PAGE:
15 June 2017

‘Virtual beach’ helps ease dental anxiety and pain

A trip to the dentist, for many patients, can be a harrowing and nerve-wracking experience.  Fear and anxiety are two very common issues when treating patients, and the pain associated with extractions and fillings can often be a preventative factor for patients attending regular check-ups.

Researchers at the Universities of Plymouth, Exeter and Birmingham have been working with Torrington Dental Practice in Devon to explore the possibilities of using virtual reality to improve patients’ experiences during a range of routine dental procedures.

The findings, published in the journal Environment & Behaviour, provide some very interesting insights into how this technology may be able to change patient experiences for the better.  The patients who agreed to take part in the study were each randomly allocated to one of three conditions:

  1. Standard Care
  2. A VR experience of walking around Wembury beach in Devon
  3. A VR experience of walking around a city

Each patient who underwent treatment while taking virtual walks used a headset and a handheld controller to direct their own experiences.  The results found that those who virtually ‘walked’ around Wembury beach experienced less anxiety and pain during their treatment, and had more positive recollections than those in the standard care condition.  This was not found for those who walked around the virtual city. 

Dr. Karin Tanja-Dijkstra, lead author of the study, explained "The use of virtual reality in health care settings is on the rise but we need more rigorous evidence of whether it actually improves patient experiences. Our research demonstrates that under the right conditions, this technology can be used to help both patients and practitioners."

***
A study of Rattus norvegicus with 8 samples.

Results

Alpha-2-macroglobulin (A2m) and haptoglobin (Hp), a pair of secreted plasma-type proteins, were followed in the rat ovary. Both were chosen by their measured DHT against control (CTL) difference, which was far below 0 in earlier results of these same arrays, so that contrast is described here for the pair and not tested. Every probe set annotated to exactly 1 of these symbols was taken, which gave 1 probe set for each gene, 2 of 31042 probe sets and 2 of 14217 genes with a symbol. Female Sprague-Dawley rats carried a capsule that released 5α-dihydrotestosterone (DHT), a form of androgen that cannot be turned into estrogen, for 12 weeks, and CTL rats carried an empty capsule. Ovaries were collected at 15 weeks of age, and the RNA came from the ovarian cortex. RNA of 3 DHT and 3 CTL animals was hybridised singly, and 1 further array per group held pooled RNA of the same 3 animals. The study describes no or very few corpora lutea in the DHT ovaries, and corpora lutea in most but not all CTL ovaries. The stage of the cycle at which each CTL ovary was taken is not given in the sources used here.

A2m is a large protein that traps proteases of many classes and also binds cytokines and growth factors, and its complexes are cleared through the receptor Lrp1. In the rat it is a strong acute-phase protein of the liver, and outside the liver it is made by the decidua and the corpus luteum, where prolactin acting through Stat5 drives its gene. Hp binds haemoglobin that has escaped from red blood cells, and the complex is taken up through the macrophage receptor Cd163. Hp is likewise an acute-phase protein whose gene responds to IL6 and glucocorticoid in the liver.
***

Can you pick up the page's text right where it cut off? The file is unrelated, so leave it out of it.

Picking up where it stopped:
The authors of the research stress that the type of virtual reality environment the patient visits is important.  Virtual Wembury was created by Professor Bob Stone and colleagues at the University of Birmingham.  The fact that patients who visited the beach, and not the virtual city, had better experiences than standard care is consistent with a growing body of work that shows that natural environments, and marine environments, in particular, can help reduce stress and anxiety. 

Dr. Matthew White, co-author from the University of Exeter, explained “We have done a lot of work recently which suggests that people are happiest and most relaxed when they are at the seaside.  So it seemed only natural to investigate whether we could “bottle” this experience and use it to help people in potentially stressful healthcare contexts.”

Dr. Sabine Pahl, project coordinator from the University of Plymouth, added “That walking around the virtual city did not improve outcomes shows that merely distracting the patients isn’t enough, the environment for a patient’s visit needs to be welcoming and relaxing.  It would be interesting to apply this approach to other contexts in which people cannot easily access real nature such as the workplace or other healthcare situations.”

Melissa Auvray, a dentist at Torrington Dental Practice, agreed “The level of positive feedback we got from patients visiting Virtual Wembury was fantastic.  Of course, as dentists, we do our very best to make the patient feel as comfortable as possible but we are always on the lookout for new ways to improve their experiences.”

Professor David Moles from the University of Plymouth added:

“This research is one of a number of initiatives we at Plymouth University Peninsula School of Dentistry have been working on alongside the fabulous team at Torrington Dental Practice and it clearly demonstrates the benefits that can be achieved when academics work in partnership with clinicians in order to address problems that really matter to patients.”

The team are hoping to now investigate whether Virtual Wembury can help patients in other medical contexts and whether certain additions to the virtual environment could make the experience even better.